Michael H. Wray’s Raleigh Report

The state Senate is continuing to craft a proposed budget and has indicated its draft of the plan may be presented next week. I am hopeful that the Senate will improve its initial version and restore some of the millions of dollars cut out of education in the House plan.

Our chamber has considered a number of issues this week, both on the chamber floor and elsewhere and I have included updates about them below. If you have any questions, or if I can be of any service, please contact me.

Unemployment Benefits

The number of people who have lost long-term unemployment benefits because of the legislative leadership’s refusal to take up a bill has now increased to 42,000. I continue to work with my colleagues to extend the benefits. House Democrats held a press conference this week again urging action on a bill after the majority party rejected several attempts to pass legislation that would extend the benefits. I have also signed a petition that would force a bill on the issue (H676) to come to the House floor, but no members of the majority party have joined us, leaving us nine votes short of the number we need for action. Please know that I am continuing to work on this and hoping that we will get the benefits moving soon to these people who need them.

State Health Plan

Gov. Beverly Perdue reached a compromise this week with legislative leaders that will allow teachers and state employees to continue receiving premium-free health insurance. Gov. Perdue had vetoed an earlier bill that did not provide that option to participants in the plan. The compromise allows participants to pay a small premium if they want to receive a more generous plan. The bill (H578) that clears the way for the compromise was approved on the House floor Thursday. Some people continued to object to the change in the benefits because the new free plan raises the costs of co-payments and medicine and provides less coverage than the current plan.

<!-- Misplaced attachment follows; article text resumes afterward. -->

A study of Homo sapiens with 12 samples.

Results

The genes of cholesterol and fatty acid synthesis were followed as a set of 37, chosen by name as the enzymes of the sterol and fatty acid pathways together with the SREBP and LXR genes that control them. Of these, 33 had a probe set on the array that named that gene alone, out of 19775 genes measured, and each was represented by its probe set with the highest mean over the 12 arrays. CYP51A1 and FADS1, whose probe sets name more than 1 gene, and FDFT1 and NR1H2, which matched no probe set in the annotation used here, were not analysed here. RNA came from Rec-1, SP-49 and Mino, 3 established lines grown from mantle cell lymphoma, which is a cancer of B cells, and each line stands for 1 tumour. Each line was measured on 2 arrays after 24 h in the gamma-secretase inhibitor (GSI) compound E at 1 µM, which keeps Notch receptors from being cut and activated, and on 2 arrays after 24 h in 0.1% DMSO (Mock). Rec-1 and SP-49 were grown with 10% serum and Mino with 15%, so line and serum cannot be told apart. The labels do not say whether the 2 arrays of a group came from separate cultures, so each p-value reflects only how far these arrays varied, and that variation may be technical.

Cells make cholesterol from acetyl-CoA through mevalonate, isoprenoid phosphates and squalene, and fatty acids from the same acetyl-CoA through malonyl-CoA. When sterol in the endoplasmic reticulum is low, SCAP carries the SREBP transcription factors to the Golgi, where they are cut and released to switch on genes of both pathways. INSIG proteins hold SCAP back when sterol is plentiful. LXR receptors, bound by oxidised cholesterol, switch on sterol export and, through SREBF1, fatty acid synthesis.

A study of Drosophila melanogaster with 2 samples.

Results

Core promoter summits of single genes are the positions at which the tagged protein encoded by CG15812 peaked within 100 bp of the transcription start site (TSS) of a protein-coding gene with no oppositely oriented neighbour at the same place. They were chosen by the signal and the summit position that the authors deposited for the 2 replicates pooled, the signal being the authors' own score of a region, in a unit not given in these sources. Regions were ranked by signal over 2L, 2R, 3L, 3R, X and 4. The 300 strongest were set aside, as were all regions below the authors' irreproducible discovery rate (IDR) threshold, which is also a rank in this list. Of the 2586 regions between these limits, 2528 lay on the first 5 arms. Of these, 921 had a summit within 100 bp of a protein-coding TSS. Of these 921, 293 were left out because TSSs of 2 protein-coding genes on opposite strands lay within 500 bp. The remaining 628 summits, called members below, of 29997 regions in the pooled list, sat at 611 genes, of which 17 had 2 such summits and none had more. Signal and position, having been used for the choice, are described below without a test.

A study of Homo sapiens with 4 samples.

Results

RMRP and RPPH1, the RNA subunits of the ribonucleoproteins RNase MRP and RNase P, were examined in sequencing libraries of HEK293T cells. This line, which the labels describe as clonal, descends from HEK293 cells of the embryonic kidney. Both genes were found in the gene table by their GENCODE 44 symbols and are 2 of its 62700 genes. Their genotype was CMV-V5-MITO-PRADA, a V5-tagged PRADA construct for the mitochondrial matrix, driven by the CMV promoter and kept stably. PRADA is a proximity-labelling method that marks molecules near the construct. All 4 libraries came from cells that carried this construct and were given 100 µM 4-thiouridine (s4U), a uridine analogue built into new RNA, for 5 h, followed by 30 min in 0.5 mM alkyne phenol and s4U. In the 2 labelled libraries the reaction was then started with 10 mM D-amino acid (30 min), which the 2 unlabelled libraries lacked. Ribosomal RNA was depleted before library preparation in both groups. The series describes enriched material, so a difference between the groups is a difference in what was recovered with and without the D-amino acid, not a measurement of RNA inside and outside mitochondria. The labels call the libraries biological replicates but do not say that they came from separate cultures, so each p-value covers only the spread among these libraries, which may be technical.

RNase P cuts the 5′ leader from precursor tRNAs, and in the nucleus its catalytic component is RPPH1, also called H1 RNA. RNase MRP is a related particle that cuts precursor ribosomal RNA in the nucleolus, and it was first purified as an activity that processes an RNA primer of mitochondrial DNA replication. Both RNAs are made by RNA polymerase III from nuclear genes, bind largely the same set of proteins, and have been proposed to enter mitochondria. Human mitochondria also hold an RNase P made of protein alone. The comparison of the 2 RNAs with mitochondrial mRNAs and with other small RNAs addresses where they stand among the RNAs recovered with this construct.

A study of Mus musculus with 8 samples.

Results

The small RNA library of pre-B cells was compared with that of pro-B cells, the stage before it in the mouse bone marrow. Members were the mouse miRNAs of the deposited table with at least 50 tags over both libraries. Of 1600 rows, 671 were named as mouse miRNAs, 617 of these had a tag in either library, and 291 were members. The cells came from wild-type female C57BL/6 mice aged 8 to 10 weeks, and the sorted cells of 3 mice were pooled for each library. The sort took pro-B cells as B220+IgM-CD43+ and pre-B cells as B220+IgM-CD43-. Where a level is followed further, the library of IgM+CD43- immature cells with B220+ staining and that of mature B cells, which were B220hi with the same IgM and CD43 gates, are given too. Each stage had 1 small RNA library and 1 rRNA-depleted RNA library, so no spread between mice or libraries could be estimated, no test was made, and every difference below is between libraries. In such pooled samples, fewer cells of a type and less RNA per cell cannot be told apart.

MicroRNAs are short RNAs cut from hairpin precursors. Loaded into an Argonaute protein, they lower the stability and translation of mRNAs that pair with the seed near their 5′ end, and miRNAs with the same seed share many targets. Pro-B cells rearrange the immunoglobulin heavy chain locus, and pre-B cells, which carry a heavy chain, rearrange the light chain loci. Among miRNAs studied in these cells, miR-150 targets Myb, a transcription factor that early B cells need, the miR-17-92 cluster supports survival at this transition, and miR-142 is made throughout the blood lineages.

The majority in the House voted to cut a week from early voting, despite the popularity of the program in North Carolina. I believe we should be doing more to expand the opportunity to vote, not to limit it. Supporters of the bill argued that the change will save counties about $2,000 for each voting site. The executive director of the State Board of Elections disagrees, saying in a memo that counties may have to spend more to handle a larger volume of voters on Election Day. Several elections observers say that efforts to restrict voting tend to suppress turnout among African-Americans and Democrats. (H658)

A bill to align North Carolina’s law for military absentee votes with national standards and set standards for electronic transmission of ballots passed the House unanimously this week. It now goes to the Senate. (H514)


Legislation that would add several new requirements for municipalities to involuntarily annex areas cleared the House this week. The changes include allowing a petition of 60 percent of property owners in the area to block a proposed annexation. Cities and towns also could no longer charge for water and sewer service hookups under some circumstances. (H845)


The House voted unanimously to strengthen the law requiring prosecutors to share their files in all felony cases so defense lawyers can review more items that may point to a suspect’s innocence. The bill now directs investigators to turn over evidence, even without a formal request from prosecutors. The bill is now in the Senate. (H408)

Please remember that you can listen to each day’s session, committee meetings and press conferences on the General Assembly’s website at www.ncleg.net. Once on the site, select “Audio,” and then make your selection – House Chamber, Senate Chamber, Appropriations Committee Room or Press Conference Room.